The markets are closed. Is it time to pull out a good bottle of red and kick back in front of the fire? Maybe. But some traders will say that the trading day is just getting started.
Post-U.S. market hours trading prep can be invaluable time to analyze your past performance, study potential opportunities, and plan the specifics of future trades without the turbo-charged emotions and excitement that real-time price action can create.
Unless you’re an intraday scalper, many traders aren't well-served by ad hoc, unplanned trade entries during active market sessions. You've probably heard it before, but it bears repeating: Consider taking the time to plan out your trades with specific entry points, targets, and stop-loss levels before you enter the position.
"When you’re in a trade, it's not the time to be figuring out where weekly support is located," says Dr. Gary Dayton, president of TradingPsychologyEdge. "You become distracted by a preparation activity when you’re executing a trade. Trading performance could definitely suffer."
Routines and Habits
Establishing and following a set routine after the markets are closed could pay off with more focus, planned and thoughtful trade entries, and perhaps even an extra dose of self-confidence.
"Watch any professional tennis player about to serve the ball. They all have a routine they use to calm jittery nerves, focus, and ready themselves to play the next point. Wise traders will have a routine, too," says Dayton.
There are several things to consider when developing a routine that works for you. Perhaps one of the most important factors is consistency. If this routine can become habit, you can work through the points quickly and efficiently and can help keep your trading on task. Think of it as a mini "performance review" that you give to yourself.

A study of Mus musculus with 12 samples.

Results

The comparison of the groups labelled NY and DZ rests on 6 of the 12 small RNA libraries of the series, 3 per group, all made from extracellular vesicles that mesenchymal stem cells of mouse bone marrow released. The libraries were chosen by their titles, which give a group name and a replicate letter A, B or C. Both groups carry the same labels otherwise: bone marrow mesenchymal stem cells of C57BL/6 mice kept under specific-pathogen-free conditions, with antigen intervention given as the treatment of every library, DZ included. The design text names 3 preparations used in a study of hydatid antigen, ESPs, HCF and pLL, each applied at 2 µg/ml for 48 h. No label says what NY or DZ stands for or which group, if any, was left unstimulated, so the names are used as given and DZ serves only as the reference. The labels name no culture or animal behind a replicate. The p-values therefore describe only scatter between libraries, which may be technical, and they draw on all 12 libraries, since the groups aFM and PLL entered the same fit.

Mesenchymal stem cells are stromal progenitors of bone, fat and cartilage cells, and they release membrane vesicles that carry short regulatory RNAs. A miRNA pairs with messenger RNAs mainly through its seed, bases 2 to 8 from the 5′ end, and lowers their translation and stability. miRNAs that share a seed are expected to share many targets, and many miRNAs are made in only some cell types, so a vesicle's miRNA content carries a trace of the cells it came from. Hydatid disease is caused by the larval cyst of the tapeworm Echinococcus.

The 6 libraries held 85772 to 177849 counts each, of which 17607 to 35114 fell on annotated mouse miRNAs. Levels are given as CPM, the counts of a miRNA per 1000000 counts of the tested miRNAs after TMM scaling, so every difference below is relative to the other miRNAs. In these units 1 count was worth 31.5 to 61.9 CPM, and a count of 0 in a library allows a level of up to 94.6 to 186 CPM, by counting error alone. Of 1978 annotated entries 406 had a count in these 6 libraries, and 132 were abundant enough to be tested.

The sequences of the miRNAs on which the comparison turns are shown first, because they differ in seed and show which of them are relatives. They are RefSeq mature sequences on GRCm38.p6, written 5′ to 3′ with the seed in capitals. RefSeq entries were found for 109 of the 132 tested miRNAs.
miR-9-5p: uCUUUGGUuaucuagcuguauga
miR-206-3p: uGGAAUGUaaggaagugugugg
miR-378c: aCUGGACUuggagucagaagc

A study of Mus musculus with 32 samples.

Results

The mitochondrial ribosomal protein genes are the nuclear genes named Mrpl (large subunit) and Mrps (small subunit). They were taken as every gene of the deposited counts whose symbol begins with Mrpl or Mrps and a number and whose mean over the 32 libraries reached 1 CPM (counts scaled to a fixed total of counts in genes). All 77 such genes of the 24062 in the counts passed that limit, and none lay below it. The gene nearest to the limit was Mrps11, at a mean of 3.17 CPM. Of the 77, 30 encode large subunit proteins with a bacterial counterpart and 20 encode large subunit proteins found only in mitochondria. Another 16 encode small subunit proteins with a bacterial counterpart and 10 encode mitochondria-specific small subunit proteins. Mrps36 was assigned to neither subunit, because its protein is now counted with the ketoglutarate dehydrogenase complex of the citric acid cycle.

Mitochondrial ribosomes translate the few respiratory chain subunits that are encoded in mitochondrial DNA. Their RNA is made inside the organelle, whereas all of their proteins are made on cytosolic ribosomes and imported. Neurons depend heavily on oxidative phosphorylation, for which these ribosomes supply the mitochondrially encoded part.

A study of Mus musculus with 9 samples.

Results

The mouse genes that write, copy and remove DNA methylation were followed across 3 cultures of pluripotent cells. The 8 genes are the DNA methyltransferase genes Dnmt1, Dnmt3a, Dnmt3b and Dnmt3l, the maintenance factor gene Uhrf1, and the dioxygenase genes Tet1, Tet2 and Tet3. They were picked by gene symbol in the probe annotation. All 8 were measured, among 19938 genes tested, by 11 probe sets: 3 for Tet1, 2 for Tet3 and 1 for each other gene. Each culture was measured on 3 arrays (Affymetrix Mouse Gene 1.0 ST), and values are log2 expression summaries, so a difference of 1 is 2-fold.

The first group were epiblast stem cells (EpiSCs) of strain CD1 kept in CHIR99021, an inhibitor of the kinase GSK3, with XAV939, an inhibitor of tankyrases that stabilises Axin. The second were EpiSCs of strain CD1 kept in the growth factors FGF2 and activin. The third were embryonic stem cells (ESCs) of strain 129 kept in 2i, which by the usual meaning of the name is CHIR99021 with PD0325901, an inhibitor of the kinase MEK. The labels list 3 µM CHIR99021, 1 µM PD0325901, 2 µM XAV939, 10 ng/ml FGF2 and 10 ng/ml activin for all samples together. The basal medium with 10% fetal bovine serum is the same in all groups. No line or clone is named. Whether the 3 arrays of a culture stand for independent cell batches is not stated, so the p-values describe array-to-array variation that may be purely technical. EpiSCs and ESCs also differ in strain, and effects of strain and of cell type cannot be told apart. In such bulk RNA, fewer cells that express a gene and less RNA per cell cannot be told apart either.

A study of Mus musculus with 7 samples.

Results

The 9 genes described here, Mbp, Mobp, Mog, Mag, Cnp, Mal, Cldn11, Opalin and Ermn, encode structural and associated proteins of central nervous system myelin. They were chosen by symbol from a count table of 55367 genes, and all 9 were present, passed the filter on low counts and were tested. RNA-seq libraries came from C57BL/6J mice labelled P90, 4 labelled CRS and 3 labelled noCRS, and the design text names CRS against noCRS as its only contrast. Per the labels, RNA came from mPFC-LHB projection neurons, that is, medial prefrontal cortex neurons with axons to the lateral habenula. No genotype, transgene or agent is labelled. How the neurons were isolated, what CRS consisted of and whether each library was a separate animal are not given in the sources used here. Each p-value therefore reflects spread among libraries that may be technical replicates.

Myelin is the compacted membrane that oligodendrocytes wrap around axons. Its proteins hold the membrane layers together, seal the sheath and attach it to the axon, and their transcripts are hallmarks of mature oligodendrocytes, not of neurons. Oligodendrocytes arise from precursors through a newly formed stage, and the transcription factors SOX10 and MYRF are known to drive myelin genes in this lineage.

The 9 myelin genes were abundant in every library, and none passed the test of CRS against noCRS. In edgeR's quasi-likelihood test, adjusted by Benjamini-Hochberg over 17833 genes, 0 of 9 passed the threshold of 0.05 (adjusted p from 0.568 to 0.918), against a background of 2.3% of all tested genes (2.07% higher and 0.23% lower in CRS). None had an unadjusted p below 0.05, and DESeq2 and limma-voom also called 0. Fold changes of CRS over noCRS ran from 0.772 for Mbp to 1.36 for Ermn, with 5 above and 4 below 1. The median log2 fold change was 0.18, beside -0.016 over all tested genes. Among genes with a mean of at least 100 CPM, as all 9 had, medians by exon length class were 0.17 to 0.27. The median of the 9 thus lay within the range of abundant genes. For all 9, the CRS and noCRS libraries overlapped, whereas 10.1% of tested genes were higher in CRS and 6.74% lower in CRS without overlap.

Consider These Four Moves
Dayton suggests four things a trader can incorporate into an after-hours trading routine:
1. Evaluate your trading performance. Assess where you did well and also where you fell short and why that happened.
2. Analyze each individual trade you initiated. Did you follow your rules and your trade setup, or did emotions take over and get the best of you? Use a journal; writing things down makes them stick. Other things you can ask yourself: "Did market conditions add to or detract from the setup? Is there anything you can do to better execute the trade? What did you learn from the trade?" Dayton says.
3. Prepare for the next trading session. "Use what you’ve learned from evaluating your performance and bring it into your next trading session. How do you see yourself acting to address where you fell short today?" Dayton says.
4. Identify where you see trades setting up in the next trading session. Write out potential trading spots with entries, objectives, and stop-loss points. "You can get good at this. Some traders can accurately locate trades in three out of five trading days. That’s a real edge," says Dayton.
Then, after the next trading day is over, do it again. Developing a trading routine to study both your performance and plan for potential market entry points can become an easy habit to embrace. "This routine is the tried-and-true way for continuous improvement and self-development," Dayton says.
To take your trading game to the next level, prepare like an athlete. No professional athlete would ever think about stepping onto the playing field without prepping for the game, says Dayton. "The athlete’s edge lies not only in their athletic ability but in their preparation. This is true for traders, as well. Having a routine outside of the trading day to prepare for trading will allow your trading abilities and skills to be used to their fullest advantage."